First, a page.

One of the many reasons people read is to experience unfamiliar places, people, and events. Books (both fiction and non) are written about space travel, aristocracies, Regency balls, cults, dreamland, Mexico, and sports figures. Authors must sufficiently describe these things so that readers who know nothing about space, inherited titles, or dancing in Empire gowns are able to imagine them.
We don’t want to confuse or alienate readers by not explaining things with which they are likely to be unfamiliar. Nor do we want to interrupt our stories or talk down to our readers by overexplaining.
Finding that balance—a story that sweeps readers along into new, exciting, and imaginable territory—requires a sense of your audience. If you are writing a mystery novel that will likely be read by mystery aficionados, it is not necessary to explain what dusting for fingerprints is. If you are writing a mystery novel that features a person being murdered in a grain silo, it is probably necessary to describe the silo rather than assume that all of your readers have seen the inside of one (unless your novel is for a niche audience of mystery-reading farmers).
Writers can define the unfamiliar through the unobtrusive use of context.
In Jonathan Strange and Mr Norrell, Susanna Clarke uses context to make nautical terms understandable. In order to highlight the drama of a magical event involving ships, she has to explain why certain types of British ships and not others are blockading a French port.
First, let me run a list of nautical terms by you:
Got that? Now, let’s look at how Clarke could have written the scene under discussion. In the following excerpt from chapter 11, I have sternly stripped away anything that could enable a non-sailor to understand what is going on without resorting to a dictionary (which few people want to do in the middle of a chapter):
The ships were all ships of the line . . . . The British Navy blockaded Brest continually, but never with more than twenty-five ships at a time, of which only ten or twelve were ships of the line, the remainder being . . . frigates, sloops and brigs.
This is the missing portion of the first sentence in the excerpt:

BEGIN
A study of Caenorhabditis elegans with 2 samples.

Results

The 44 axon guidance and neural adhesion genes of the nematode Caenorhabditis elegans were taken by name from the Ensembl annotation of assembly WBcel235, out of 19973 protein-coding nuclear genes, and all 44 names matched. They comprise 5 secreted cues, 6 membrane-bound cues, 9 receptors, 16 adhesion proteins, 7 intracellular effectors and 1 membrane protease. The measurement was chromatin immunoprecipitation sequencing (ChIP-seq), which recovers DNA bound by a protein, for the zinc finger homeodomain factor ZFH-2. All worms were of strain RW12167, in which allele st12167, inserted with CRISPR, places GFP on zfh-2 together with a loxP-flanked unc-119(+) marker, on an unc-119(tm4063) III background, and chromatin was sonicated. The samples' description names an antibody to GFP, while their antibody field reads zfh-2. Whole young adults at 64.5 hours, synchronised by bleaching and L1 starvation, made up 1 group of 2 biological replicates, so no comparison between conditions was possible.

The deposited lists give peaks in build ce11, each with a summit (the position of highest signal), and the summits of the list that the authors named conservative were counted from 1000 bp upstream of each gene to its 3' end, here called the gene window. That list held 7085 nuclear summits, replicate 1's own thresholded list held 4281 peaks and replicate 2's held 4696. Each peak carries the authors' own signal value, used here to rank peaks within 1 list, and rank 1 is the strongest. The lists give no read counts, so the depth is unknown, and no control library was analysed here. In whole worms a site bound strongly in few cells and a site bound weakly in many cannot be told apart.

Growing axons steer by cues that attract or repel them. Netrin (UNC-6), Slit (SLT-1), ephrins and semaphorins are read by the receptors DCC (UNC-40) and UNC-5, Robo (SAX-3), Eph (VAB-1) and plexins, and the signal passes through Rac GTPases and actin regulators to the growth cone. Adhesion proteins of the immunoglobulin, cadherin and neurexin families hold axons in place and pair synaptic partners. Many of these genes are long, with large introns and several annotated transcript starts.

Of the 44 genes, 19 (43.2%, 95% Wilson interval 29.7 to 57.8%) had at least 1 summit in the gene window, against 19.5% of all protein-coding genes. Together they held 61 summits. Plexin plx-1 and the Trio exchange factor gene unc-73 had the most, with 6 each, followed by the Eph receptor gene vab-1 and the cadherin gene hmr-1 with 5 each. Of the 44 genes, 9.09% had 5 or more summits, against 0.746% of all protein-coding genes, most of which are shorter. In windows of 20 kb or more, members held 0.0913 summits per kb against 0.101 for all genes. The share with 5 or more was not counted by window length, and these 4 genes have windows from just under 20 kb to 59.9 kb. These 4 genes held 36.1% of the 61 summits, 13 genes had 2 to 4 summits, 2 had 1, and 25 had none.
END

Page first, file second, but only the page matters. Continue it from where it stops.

I’m still not sure what ships of the line are, but knowing that they include warships gives me an idea that they are important ships. The quick little description heavily armed two- and three-decked signals to me that I should picture large and powerful ships. And even if I’m not clear on what a deck is, knowing there are two or three on each warship adds to the size and complexity of the fleet I am picturing.
Now for the three other types of ships:
Not only are these interestingly named ships smaller than warships—enabling us to visualize a clear size contrast, at the very least—but also they are “agile,” which informs the setup a bit more. Now I know that Britain’s typical approach to blockading (within Jonathan Strange and Mr. Norrell’s historical-fictional world) was to use a mix of firepower and pursuit.
At this point, most readers could probably deduce the scenario, but Clarke helps us out with these additional sentences:
The five additional sentences (lavish, but consistent with the wordy style of this novel) enable us to grasp the crux of the matter without any doubt, even if we still don’t know what a brig is. It is now clear that the warship-only blockade was terrifying and extraordinary.
This is an excellent example of conveying technical information in a subtle, contextual way. Reading it is painless, and later, if readers so choose, they can look up the various types of ships. I suspect they’ll find that the dictionary definitions don’t much alter the scene they have already imagined in their heads.